Nyackers lamented the loss of Gracie's Ravioli last winter, but, almost one year later, it turns out there's good news with the bad.
Taking the place of the Italian shop will be Gypsy Donut, the creation of three local families—and named for one venerated pet dog. The coffee-and-donut shop is slated to open on North Franklin Street in March of this year.
David Schloss, one of the owners, teamed up with his wife Abagail, friends B.J. and Maia, and the Watsons—owners of on Main Street—to begin the venture. Schloss and his wife have experience with start-ups; B.J. and Maya are a skilled carpenter and catering duo, and the Watsons bring eight years of business acumen.
The concept evolved over the past several years, Schloss explained, with ideas hammered out over brunches or beers. At first, Gyupsy Donut was to be a mobile catering truck—but the owners decided on a more permanent homebase.
"We wanted to be customer-facing, and enjoy the retail experience," Schloss said. "And two months ago, we said, 'let's pull the trigger. Let's do this.'"
Schloss noted Gypsy's offerings will be as diverse as its owners' expertise. "Our model is not just to produce glazed donuts," he said. "We'll try to put out some head-turning donuts—we've already got some great recipes."
On the tentative roster now are red velvet and fruit-filled donuts. The menu will change often, Schloss said, and Nyackers can stay posted on what's happening in the kitchen through blogs and social media.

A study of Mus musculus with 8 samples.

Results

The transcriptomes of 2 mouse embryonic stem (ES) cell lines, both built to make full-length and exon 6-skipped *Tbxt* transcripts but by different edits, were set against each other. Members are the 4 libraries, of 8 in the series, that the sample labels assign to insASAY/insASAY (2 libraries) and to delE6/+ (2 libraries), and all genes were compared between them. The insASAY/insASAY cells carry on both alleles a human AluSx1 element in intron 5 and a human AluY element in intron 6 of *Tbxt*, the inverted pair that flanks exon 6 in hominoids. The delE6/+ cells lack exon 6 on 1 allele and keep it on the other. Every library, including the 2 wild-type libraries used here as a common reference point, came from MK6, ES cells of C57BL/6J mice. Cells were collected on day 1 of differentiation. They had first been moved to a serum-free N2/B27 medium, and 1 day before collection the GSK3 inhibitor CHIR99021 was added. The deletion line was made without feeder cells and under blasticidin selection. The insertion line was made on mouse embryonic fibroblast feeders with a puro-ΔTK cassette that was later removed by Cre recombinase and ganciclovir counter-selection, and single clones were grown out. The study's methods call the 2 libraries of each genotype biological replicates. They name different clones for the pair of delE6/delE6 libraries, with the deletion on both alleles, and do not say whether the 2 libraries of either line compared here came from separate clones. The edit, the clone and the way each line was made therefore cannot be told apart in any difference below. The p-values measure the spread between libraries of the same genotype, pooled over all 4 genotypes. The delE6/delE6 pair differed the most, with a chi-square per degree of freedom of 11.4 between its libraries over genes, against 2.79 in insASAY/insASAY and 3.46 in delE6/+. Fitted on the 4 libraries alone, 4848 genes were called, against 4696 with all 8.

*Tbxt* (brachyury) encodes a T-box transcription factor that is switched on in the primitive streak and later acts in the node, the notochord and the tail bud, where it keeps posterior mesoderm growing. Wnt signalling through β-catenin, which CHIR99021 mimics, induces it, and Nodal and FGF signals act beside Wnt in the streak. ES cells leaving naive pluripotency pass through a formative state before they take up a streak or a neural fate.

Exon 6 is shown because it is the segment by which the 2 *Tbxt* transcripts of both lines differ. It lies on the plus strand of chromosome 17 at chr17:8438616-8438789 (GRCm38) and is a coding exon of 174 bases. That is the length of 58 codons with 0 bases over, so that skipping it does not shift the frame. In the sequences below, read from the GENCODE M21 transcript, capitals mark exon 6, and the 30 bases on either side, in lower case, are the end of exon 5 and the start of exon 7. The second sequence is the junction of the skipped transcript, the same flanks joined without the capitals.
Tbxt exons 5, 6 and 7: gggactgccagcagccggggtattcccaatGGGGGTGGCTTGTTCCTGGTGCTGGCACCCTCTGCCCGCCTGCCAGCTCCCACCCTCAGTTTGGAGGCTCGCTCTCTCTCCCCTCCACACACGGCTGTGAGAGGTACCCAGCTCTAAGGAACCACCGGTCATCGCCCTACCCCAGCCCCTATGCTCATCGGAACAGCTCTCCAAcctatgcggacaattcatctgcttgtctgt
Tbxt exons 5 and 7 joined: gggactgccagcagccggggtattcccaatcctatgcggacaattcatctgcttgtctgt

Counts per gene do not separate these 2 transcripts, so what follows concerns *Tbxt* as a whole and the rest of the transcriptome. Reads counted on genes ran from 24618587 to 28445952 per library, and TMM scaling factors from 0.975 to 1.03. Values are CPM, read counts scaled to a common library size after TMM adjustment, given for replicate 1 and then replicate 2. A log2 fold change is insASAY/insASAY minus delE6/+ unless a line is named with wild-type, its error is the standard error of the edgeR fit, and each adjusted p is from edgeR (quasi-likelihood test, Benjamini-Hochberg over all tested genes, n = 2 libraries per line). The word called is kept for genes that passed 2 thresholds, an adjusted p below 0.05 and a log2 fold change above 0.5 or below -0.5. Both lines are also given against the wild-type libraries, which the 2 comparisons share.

(Want to suggest a donut? Click here.)
The coffee will be provided by Stumptown Coffee, a Portland, OR-based bean roaster.
And though Gyspy Donut is opening amid a few blocks packed with eateries, Schloss isn't concerned—and neither is the competition. of Nyack Gourmet was quick to offer some of his equipment to the cause, and Matt Hudson of the gladly opened his kitchen's doors to Schloss and company.
"As a longtime Nyack person I'm not surprised," Schloss said of the hospitality. "But I'm thrilled."
"People have been fantastic," he added, noting hardly a day goes by that he's not stopped on Main Street or Broadway with a donut suggestion, or words of encouragement.
Schloss noted end-of-March is the indefinite opening day; there are still health department and building department hurdles to jump. But when the doors open, customers will see exposed brick and wood re-purposed from a blaze—"it's sort of a hipster aesthetic," Schloss said.
Also planned is delivery (by bike), late hours and in-store events. Extra donuts will be donated to the village's hungry. The shop is also taking donations for start-up costs on Kickstart, having raised close to $7,000 as of Monday, Jan. 9.